Tuesday, June 9, 2009

109/158 -- Steady and Sweet

Sunday Off.

I initially planned on going to class.  But this weekend was the finale of the Van Cliburn Piano Competition, which is held every four years.  I got caught up in the webcasts over the past few weeks, and decided to see the last finalists on Sunday, instead of going to class.  

The winners, if you are interested, are a 19 year old boy from China named Zhang.  He turned 19 just 2 days before the competition ended, and if he had been born two days later he would have been ineligible.  The other winner (they shared first prize) was a 20 year old boy from Japan names Tsuji.  He will become famous for the wrong reason:  he is blind.  Thinking back on it, I should have written about him with regard to the Helen Keller quote from a few days ago.  He is someone who may truly regard his "handicap" as a blessing.  

If anyone is interested in classical piano, I highly recommend checking some of the streaming video located at www.cliburn.tv

Now back to our regularly scheduled programming.  The day 157 meditation talks about being steady and sweet.  With asana practice, Gates uses headstand as an example.  This is unfortunate for me, because I've never been able to do headstand in the few gym yoga classes where teachers thought we might be ready for it.  So I truly have no connection with what he is talking about here.  The example he gives just doesn't give me anything to chew on.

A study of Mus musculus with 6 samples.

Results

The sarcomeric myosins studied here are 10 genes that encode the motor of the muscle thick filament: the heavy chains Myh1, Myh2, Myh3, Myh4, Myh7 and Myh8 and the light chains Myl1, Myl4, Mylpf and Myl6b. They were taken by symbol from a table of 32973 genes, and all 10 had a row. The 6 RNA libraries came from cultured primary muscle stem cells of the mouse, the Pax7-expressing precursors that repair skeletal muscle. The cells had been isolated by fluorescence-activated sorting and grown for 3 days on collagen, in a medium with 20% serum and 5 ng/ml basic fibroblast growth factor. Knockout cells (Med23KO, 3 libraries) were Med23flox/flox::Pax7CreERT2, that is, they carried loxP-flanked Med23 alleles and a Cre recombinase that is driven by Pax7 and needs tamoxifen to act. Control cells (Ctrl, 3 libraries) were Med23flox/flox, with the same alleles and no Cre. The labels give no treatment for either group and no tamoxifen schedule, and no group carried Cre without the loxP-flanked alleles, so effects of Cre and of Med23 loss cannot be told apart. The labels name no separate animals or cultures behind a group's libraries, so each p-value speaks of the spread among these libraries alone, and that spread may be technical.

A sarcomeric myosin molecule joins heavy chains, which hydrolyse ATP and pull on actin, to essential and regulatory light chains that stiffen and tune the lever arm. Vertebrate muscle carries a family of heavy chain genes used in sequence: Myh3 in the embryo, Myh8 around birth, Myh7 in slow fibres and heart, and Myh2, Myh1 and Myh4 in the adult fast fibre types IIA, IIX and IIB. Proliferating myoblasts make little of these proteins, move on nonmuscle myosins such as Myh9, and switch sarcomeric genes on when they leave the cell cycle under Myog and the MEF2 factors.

In daily life, he connects steadiness with duties, and it is a form of giving.  I think the parallel in asana practice is the focus and the energy that we put into the pose.  And in daily life, he connects sweetness with compensation.  I'm sure here he is not just talking about money, but about all the good things that flow from right and fair dealing.  So sweetness means compensation which means receiving.  In asana practice, this comes at the moment of satisfaction, content, and effortlessness.

The aim in asana, and in life, is to be both steady and sweet.  That means to be simultaneously giving and receiving.  I think this is one aspect of balance.  (And it now occurs to me that he may have used headstand as an example because he is talking precisely about balance.)

I have to say that I'm not quite sure still what this means when it comes to asana.  And I'm disappointed with not being sure.  One of the mysteries of asana practice is why it seems naturally to lead to spiritual growth.  And here, I think Gates is giving insight into one of the answers.  It has to do with being steady and sweet.  And he assures that being steady and sweet in asana practice leads to skillfulness in life.  Great.  But I'm still not quite sure what it means.

I almost feel like he finally answered the ultimate question of the meaning of life, the universe, and everything.  But instead of 42, I got "steady and sweet."  Maybe I'm just in a bad mood.

1 comment:

hannahjustbreathe said...

Well, at least you're not alone. I don't get it either. "Sweet"?? Really?? Hardly a word I think of when I think of yoga. Or life philosphies.